The individual insurance mandate is applicable to virtually every American business, so I must evaluate the American insurance market as a whole as opposed to just one specific business/company. The source that I will be utilizing in order to do this is the U.S. Chamber of Commerce website. Although this source tends to lean to the right, it does offer valuable insights and opinions regarding the positives and negatives of the mandate as well as suggestions for the future.
The source is especially useful because it includes links to the reports that it cites. A particularly interesting report is from the National Health Expenditure projections between 2010-2020. It says that health spending as a percentage of GDP remained constant 2009-2010, but is expected to grow faster 2011-2013 due to an improving economy, and even more so in 2014 due to the enactment of the ACA. Also in 2014, Medicaid enrollment is expected to increase by 19.5 million people due to a change in eligibility requirements (138% of the federal poverty level). New health insurance exchanges are expected to provide insurance to an additional 13.9 million Americans in 2014 as well. Expanded coverage is expected to result in more money being paid to physicians and less to hospitals and long-term care because the newly insured people will be younger and healthier than current people covered by exchanges are. It is, however, somewhat worrisome that healthcare spending between 2010-2020 is expected to outpace GDP growth by 4.7%.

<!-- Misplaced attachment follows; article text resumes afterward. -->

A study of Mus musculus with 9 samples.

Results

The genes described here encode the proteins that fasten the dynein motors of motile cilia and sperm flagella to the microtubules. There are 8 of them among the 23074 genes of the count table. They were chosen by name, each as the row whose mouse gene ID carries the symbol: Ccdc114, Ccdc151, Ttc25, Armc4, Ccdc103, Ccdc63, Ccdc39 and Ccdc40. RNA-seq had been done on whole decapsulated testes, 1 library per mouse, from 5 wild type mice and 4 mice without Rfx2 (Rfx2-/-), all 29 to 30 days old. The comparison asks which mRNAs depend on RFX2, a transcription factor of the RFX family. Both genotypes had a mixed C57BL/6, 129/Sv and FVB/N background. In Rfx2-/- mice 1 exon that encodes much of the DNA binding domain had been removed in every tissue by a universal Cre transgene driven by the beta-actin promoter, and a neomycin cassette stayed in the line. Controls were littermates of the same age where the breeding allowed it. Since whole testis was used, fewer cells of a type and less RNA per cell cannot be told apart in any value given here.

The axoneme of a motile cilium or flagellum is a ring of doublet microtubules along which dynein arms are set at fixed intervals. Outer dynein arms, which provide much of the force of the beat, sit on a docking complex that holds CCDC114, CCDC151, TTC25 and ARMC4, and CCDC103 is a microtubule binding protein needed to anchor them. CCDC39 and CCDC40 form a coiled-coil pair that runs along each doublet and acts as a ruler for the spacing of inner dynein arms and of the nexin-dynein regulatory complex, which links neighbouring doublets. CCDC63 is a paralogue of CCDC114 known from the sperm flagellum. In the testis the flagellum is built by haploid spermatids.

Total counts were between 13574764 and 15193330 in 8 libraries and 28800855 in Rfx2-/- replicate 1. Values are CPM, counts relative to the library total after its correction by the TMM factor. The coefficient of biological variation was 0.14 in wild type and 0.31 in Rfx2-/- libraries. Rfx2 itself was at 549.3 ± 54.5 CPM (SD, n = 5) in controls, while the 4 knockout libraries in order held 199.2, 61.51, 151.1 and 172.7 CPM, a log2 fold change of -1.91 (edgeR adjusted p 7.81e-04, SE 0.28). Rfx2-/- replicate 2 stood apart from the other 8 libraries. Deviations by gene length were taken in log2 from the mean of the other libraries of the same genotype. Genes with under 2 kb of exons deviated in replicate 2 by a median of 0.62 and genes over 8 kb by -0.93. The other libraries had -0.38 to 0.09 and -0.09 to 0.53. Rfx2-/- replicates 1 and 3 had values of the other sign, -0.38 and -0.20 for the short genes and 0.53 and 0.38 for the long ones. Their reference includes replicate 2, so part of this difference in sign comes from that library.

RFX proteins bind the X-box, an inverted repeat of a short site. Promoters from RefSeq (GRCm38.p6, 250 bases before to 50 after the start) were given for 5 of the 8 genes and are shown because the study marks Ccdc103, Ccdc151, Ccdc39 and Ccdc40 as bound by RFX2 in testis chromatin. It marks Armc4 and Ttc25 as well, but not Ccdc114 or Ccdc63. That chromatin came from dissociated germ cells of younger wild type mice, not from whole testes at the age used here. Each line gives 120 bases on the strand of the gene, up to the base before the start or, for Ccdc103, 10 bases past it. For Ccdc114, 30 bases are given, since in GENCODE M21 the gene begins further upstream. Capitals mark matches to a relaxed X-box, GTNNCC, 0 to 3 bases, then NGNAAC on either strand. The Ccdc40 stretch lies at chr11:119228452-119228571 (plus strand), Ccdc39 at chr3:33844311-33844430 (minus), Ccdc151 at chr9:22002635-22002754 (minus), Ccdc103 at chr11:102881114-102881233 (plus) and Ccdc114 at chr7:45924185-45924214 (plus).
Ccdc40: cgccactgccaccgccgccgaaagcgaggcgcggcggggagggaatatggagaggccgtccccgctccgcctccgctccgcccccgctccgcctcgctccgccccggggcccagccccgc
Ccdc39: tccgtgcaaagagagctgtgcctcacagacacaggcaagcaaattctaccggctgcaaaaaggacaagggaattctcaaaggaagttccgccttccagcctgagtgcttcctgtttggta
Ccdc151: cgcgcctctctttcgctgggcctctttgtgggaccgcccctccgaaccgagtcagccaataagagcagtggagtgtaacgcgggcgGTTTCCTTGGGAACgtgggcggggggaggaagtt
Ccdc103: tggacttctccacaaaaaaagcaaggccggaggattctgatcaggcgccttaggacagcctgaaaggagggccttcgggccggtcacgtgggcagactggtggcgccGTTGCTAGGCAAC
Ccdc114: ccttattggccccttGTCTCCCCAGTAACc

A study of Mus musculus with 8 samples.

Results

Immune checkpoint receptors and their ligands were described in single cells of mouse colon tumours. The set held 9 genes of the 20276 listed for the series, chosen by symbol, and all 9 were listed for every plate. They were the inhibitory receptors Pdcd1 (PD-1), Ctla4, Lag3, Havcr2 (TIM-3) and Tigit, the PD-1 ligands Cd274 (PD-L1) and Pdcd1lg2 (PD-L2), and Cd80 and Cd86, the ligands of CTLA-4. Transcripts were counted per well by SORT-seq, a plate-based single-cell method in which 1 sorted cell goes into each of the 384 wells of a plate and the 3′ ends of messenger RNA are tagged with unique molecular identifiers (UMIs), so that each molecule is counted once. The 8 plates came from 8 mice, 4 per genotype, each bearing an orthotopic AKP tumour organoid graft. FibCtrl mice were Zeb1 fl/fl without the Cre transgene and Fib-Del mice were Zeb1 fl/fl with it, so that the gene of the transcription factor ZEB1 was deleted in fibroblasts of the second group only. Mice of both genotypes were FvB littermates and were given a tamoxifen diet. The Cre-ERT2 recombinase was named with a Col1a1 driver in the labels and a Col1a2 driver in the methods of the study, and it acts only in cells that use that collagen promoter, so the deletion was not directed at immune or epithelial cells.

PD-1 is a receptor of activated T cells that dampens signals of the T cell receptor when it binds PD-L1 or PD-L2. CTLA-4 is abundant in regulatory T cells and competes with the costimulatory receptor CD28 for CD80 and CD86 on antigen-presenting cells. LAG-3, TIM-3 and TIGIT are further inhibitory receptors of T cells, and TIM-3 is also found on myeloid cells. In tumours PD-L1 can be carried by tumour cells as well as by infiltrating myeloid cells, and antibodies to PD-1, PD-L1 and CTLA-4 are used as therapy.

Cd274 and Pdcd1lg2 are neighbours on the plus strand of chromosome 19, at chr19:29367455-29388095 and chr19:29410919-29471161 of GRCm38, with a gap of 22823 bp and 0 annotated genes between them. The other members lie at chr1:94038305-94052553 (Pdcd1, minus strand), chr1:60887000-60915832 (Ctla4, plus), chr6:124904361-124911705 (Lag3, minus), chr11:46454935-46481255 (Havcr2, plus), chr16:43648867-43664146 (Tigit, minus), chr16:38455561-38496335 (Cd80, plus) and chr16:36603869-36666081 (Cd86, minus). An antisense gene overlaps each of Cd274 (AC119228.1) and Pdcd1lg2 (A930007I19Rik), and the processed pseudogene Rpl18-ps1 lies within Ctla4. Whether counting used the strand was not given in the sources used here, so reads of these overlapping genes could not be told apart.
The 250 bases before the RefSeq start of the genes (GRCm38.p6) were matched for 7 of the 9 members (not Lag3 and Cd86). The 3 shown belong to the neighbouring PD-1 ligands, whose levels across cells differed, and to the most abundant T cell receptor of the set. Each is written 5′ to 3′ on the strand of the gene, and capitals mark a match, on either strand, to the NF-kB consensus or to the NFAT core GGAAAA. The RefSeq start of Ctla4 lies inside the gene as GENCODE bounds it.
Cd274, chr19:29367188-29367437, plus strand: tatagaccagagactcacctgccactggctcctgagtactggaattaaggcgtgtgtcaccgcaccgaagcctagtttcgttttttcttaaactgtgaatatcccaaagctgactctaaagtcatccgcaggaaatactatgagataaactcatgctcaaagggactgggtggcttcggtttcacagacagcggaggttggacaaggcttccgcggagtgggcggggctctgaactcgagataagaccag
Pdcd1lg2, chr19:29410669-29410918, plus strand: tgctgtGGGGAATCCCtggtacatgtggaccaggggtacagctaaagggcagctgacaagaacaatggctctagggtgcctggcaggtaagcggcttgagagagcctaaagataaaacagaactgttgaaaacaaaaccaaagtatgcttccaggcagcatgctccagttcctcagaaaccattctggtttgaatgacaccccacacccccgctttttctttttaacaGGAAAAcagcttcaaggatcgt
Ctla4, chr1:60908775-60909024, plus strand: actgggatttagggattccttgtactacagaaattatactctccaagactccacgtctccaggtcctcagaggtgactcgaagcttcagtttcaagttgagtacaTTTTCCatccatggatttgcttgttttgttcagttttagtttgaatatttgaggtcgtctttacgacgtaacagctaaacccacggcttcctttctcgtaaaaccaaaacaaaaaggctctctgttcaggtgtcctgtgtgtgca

While increasing health insurance coverage is ultimately beneficial to the American health system, the Chamber of Commerce does point out the problem that the expanding coverage does not take the rising costs of healthcare into account. The U.S. government is actually currently facing over $36 trillion in debt resulting from Medicare coverage.
The Chamber of Commerce website also has a section that offers suggestions for improving the nation’s healthcare debacle, which could be useful in the policy suggestions portion of my final white paper. The general suggestions include things like: repeal the ACA mandate (probably not the direction I will choose to go, but worth looking at), expand access to care, make plans more attractive to small businesses by increasing transparency and flexibility, fix reimbursement so that it rewards quality over quantity (this will include increased compensation for physicians), address medicare and Medicaid fraud (I think this is an excellent idea, but will have to conduct further research to learn more about the methodology), and offer benefits to companies that provide wellness incentives to employees (this may include a fitness center at work, smoking cessation support, etc., I also am particularly fond of this suggestion).